Kitchi hasn't had a hard time making friends at his new job, but of course, it helps that he's a soft, blonde, golden doodle.

"He's nice," said Victoria, a 6-year-old patient.

The two-year-old pup joined the Montreal Children's Hospital pet therapy program in January.

Once a week, he works with Zootherapy Quebec's intervention worker Sarah Archambault, to reduce young patients' stress levels.

"Just the effect of touching, petting, the heat of the dog, the breath of the dog...everything is going to be a calming effect," said Archambault.

Kitchi spends 15 minutes to an hour with patients, including Victoria.

The girl has been treated at the hospital for blood cancer for about a year.

Her mother, Angela, says Victoria looks forward to visits with fun activities planned.

"I think it still makes them feel like children while they're going through treatments or seeing the doctors or nurses or whatever they're here for," said Angela, who chose not to share her last name.

The golden doodle is the second dog on the hospital's child life services team. Its professional coordinator Sabrina Drudi says the therapy program helps 400 children per year.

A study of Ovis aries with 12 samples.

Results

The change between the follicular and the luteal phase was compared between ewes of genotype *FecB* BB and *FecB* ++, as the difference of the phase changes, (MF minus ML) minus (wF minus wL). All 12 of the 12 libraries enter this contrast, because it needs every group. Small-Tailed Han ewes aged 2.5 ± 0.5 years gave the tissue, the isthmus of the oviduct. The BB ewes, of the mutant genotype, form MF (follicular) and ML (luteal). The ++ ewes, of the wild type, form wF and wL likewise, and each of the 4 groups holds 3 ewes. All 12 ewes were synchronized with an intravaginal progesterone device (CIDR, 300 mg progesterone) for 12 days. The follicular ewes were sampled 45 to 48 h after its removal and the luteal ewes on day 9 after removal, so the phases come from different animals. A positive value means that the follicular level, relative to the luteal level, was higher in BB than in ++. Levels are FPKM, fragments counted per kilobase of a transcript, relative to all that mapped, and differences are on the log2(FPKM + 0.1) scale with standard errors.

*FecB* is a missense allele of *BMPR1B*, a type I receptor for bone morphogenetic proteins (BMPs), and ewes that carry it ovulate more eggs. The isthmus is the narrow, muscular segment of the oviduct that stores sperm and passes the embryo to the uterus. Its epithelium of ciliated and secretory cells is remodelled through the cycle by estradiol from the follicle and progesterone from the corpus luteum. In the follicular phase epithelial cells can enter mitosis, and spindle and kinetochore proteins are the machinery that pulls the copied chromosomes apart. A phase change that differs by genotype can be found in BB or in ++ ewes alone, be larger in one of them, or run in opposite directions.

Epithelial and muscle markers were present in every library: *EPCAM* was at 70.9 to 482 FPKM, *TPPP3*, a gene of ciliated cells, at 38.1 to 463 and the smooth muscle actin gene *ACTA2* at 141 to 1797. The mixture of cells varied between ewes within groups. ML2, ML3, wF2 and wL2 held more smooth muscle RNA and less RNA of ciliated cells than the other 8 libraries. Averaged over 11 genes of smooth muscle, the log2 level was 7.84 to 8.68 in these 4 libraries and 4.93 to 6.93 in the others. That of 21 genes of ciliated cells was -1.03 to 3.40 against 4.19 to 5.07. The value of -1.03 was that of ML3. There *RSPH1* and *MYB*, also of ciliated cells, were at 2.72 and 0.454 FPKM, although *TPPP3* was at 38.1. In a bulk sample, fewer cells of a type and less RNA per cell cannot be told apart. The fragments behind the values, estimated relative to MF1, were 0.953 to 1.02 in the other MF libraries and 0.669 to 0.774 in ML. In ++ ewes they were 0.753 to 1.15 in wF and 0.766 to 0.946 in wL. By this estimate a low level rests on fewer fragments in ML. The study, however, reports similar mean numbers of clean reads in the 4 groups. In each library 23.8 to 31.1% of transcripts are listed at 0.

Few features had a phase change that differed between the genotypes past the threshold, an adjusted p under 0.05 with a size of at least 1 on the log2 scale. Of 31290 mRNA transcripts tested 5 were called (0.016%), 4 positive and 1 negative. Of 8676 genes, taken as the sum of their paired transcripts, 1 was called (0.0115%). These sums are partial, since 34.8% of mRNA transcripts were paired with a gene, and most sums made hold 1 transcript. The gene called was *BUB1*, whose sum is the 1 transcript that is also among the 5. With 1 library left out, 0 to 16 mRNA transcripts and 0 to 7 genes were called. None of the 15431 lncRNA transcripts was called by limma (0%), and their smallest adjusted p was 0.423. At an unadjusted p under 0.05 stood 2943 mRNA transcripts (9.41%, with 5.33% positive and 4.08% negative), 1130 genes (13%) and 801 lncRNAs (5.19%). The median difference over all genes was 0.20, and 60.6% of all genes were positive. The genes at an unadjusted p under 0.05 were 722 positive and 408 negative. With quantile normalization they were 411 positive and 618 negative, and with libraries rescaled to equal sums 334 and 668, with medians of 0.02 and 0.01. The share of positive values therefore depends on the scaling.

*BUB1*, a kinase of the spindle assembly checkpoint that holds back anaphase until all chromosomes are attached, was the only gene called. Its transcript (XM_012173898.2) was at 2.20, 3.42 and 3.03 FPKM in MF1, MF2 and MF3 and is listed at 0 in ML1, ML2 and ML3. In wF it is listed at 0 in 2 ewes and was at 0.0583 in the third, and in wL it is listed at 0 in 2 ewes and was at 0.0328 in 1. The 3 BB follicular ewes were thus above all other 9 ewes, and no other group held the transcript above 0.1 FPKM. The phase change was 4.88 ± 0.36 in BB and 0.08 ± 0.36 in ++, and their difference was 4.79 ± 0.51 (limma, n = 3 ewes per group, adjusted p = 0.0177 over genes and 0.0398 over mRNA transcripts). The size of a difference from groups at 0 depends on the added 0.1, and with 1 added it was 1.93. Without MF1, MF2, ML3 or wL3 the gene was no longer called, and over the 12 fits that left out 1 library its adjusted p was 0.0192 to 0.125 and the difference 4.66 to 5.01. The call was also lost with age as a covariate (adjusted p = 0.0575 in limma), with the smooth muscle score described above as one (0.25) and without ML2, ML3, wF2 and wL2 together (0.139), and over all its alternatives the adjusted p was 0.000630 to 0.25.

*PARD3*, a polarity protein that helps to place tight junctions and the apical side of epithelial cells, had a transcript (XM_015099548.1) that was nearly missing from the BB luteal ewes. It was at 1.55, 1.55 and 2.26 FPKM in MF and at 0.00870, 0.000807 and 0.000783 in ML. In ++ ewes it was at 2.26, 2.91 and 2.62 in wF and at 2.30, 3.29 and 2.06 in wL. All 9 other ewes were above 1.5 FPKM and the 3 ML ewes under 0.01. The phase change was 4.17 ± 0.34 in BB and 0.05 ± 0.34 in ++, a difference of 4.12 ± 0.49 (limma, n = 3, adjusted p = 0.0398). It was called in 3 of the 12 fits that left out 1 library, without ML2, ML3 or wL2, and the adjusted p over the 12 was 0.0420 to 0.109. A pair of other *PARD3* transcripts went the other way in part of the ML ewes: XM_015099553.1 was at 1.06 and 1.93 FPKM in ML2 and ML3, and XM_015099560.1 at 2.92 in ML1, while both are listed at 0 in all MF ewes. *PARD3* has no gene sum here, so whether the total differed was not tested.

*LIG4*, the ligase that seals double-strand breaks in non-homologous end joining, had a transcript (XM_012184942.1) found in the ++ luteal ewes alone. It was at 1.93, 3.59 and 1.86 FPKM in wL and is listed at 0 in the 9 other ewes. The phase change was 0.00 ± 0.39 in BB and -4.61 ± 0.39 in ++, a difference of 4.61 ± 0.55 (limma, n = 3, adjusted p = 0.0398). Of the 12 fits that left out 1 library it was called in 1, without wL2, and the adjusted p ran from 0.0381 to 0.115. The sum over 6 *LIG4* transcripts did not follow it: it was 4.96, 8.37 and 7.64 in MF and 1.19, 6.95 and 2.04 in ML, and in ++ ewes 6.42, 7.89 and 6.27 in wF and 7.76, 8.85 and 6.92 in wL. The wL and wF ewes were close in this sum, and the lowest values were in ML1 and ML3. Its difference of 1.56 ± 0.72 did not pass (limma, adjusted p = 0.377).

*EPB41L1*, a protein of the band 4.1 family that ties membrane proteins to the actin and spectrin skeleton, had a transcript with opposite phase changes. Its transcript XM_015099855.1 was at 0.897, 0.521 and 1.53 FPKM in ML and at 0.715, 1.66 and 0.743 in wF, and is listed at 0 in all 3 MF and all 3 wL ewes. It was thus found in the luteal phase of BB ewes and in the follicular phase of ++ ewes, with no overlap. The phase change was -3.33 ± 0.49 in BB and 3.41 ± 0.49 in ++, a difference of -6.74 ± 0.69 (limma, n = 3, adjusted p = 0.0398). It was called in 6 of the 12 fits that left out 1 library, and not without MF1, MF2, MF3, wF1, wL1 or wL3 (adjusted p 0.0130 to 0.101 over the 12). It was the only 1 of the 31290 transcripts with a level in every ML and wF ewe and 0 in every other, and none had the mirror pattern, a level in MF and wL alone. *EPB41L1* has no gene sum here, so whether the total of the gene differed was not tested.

Now with the extra paws, they hope to double that number.

"Being able to offer it a second day a week, we're able to offer it to more ambulatory patients and also for patients with ASD, autism spectrum disorder," said Drudi.

Hospital staff say that on top of providing comfort, the dogs help patients reach their goals.

"If they have to work on walking after a surgery, it motivates them," said Drudi.

Kitchi has a family of his own. The hospital work is just his day job, paid in belly rubs and treats.

However, it seems Kitchi was born for the position.

"The owner at some point noticed that he had an impact on people, and at some point, he met this woman, and she became very emotional when she saw Kitchi, so he said, 'oh, maybe there's something special about this dog,'" said Archambault.

That 'something special' leaves young patients with a smile during the fight of their lives.